I left the kitchen radio on while reading Jacqueline Rose‘s Mothers: An Essay on Love and Cruelty (Farrar, Straus and Giroux, 2018) in preparation for this...

I left the kitchen radio on while reading Jacqueline Rose‘s Mothers: An Essay on Love and Cruelty (Farrar, Straus and Giroux, 2018) in preparation for this interview. It was June. Putting the book down for a minute to get a glass of water, I heard a news report that the children of refugee women were being removed from them at the American border.

Rose is nothing if not prescient in her thinking and in this book, perhaps especially so. While most of us learn what we think “alla nachträghlichkeit” (after the fact), her mind has the capacity to trip the light fantastic. I follow her writing to discover what I won’t let myself know. Perhaps she has more access than most to the realm of the preconscious. It seems to be the case.

This wide-ranging book (Rose is an exemplary literary critic and feminist theorist so she pulls from multiple intellectual arenas) is largely about motherhood and its enemies. She examines “mother” as a signifier demonstrating how it functions as a repository for blame and misogynist aggression. The book’s twilight message and hot tip for women on the religious right: beware veneration of the maternal for behind it often lies something quite venal.

Mothers, Rose argues, cannot win for losing and yet remain fantastically vested with delivering the impossible: never ending happiness and total safety. “A simple argument,” she writes, “guides this book: that motherhood is, in Western discourse, the place in our culture where we … bury the reality of our own conflicts, of what it means to be fully human.” To be fully human involves being in need of help, failing frequently and feeling unwieldy hate. (Her chapter on hating and the negation of mothers’ hateful feelings and the social impact of that negation is worth the price of the book alone.)

I have the urge to offer an example from the social realm to make clear what Rose is getting at throughout this text—if only because I found myself fogging over at times while reading. My hazy response I believe relates to my resistance to the topic. Hearkening back to Adrienne Rich’s Of Woman Born (another powerful book that caused me to often drift), Rose dares to look at motherhood as an institution, denaturalizing it to the core.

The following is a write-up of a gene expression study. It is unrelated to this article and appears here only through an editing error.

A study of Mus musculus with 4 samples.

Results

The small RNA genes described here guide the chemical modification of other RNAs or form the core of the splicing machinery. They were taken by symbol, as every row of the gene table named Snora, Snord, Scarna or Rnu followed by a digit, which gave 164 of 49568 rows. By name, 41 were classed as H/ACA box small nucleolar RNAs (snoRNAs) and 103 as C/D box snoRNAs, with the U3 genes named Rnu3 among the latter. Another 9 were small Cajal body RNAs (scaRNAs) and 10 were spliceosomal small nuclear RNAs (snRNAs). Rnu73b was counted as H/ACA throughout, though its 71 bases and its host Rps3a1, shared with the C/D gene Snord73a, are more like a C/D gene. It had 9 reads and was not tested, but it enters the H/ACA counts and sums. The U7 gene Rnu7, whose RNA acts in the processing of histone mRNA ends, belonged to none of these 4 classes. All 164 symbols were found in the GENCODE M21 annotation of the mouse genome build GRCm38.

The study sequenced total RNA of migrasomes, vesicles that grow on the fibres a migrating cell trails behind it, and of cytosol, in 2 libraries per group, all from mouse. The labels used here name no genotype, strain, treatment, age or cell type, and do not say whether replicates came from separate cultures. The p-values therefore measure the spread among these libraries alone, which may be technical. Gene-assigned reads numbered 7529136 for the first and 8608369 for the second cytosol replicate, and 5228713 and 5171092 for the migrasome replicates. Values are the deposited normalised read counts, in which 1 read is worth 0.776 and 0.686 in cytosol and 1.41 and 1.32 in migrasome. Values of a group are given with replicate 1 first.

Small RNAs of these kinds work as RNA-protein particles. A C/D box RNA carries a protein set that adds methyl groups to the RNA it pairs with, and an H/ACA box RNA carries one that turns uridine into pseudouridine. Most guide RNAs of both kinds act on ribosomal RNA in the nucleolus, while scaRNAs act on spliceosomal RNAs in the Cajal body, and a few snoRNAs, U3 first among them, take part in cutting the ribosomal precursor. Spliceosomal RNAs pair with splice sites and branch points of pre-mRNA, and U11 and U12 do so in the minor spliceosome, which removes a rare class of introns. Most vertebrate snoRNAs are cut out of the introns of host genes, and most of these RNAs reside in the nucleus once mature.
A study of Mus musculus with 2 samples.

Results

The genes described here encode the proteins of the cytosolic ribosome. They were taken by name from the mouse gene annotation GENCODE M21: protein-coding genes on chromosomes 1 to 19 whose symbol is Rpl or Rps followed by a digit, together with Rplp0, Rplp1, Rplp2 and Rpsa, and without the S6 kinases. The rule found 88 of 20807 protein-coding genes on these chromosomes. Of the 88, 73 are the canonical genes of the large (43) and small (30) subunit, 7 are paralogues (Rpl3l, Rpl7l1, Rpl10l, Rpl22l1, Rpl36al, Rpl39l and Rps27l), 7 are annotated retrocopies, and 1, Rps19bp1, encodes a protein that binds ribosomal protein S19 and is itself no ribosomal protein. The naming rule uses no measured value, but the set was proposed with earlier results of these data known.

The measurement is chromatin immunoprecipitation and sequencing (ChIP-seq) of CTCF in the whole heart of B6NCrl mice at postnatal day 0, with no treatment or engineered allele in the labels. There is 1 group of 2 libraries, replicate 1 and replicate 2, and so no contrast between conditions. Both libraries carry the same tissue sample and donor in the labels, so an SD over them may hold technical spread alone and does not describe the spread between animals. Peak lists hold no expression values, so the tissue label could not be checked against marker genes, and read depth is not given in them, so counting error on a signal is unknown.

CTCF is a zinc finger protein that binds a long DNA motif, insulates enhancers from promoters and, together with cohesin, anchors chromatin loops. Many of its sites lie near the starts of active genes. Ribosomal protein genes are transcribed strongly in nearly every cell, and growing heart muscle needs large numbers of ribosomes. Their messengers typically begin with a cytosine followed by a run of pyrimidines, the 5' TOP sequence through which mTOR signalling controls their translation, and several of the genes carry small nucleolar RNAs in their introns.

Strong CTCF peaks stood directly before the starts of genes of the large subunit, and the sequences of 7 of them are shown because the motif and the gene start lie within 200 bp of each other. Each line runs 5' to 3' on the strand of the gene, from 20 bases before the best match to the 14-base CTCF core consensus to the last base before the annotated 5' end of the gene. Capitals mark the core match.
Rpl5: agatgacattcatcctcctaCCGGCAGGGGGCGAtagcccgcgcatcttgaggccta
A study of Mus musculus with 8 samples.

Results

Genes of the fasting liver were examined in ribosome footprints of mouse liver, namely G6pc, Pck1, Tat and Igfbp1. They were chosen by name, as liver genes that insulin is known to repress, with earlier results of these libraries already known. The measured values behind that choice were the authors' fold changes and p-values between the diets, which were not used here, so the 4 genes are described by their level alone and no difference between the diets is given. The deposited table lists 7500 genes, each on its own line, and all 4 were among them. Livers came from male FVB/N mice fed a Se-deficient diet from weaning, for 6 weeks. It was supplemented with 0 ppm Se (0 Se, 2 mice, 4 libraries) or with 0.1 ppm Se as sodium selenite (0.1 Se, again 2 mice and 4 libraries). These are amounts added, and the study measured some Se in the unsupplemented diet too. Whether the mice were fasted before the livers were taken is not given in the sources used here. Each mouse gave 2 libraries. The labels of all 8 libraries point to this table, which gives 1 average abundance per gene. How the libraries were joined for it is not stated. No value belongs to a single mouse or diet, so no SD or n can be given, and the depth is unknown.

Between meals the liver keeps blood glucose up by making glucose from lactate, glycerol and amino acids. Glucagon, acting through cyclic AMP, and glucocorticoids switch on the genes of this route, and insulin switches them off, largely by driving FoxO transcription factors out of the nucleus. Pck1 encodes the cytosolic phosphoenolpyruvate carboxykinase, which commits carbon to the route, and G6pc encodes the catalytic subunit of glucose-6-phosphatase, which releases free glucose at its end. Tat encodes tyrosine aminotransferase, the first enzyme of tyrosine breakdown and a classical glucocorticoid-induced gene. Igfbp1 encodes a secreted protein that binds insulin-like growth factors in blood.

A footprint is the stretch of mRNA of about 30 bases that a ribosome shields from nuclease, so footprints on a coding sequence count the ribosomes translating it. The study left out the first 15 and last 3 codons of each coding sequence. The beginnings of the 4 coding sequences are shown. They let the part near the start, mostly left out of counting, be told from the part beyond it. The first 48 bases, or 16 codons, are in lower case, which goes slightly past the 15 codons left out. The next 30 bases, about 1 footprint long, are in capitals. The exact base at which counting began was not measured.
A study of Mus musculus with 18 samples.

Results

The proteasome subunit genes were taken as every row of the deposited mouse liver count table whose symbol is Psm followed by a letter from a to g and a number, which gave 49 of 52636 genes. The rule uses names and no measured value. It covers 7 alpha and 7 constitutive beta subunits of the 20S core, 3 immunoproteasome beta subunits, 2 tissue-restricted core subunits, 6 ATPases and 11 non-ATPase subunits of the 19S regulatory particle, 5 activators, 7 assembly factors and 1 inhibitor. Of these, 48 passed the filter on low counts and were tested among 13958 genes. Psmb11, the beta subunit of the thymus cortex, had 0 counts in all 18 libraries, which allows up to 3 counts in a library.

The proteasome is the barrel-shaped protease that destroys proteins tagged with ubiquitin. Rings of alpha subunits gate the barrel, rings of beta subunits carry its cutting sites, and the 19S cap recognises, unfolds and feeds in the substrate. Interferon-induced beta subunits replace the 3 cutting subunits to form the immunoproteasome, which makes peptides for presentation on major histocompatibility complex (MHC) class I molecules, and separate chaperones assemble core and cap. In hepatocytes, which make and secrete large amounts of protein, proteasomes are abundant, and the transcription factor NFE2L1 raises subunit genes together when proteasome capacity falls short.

The example that comes to mind comes from Kristin Luker’s incredible Dubious Conceptions, which debunked the ever-popular idea (see the Clinton Administration, circa 1996 that eviscerated the social safety net) that teen pregnancy creates poverty. The truth, Luker argues, is closer to the reverse: teen poverty may generate teen pregnancy, as poverty can foreclose roads to adulthood, leaving motherhood as a last resort. Poor teen girls who don’t carry to term and poor teen girls who become mothers occupy the same economic strata ten years on. It’s not the pregnancy that hurts their life chances but rather that economic policies are culpable. And yet, teenage mothers, scapegoats really, have long served to hide planned economic inequality; the truth, as it were, is buried in young female flesh.

As our ugly summer wore on, I re-read this book, further preparing for the interview, in addition to spending time in the consulting room, doing what I do: listening to patients elaborate upon themselves. To state the obvious, the psychoanalyst makes her living being inundated with a plethora of words about mothers. To state the further obvious, as temps skyrocketed, Freud’s maxim regarding the repudiation of femininity as bedrock was being powerfully reinforced in America. July and August offered daily opportunities to witness mighty men offering apologies for sexual intimidation and assault to female colleagues in most every profession.

Motherhood is nothing if not the sine qua non of femininity. And Rose unflinchingly discusses its repudiation, delineating the dark hearts of those who seek to punish mothers for falling short of fantasies of perfection, thusly laying the world’s problems at their feet. She asks, tout court, what makes us think mothers are better people than anyone else? Where does this demand come from?

Looking at the present and the past, she poses “ur” questions from various points of view: what do we expect of mothers, what do our expectations do to mothers, and how do we set them up to fail? Why do we refuse to accept, in the words of Melanie Klein as quoted by Rose, that, “Even the most loving mother cannot satisfy the infant’s most powerful emotional needs”?

Klein’s words were published in 1963, the very-same year the birth control pill became available in America, opening doors for women to enter the workforce in record numbers by giving women a chance to control whether or when to have a child. I am writing on the eve of the vote that will likely place Brett Kavanaugh, a man accused of sexual assault, a man who thinks of birth control as an abortafacient, onto the Supreme Court.

In a moment where public ills are deemed private problems, and women’s bodies are arousing powerful public anxieties, this book is a terribly important read.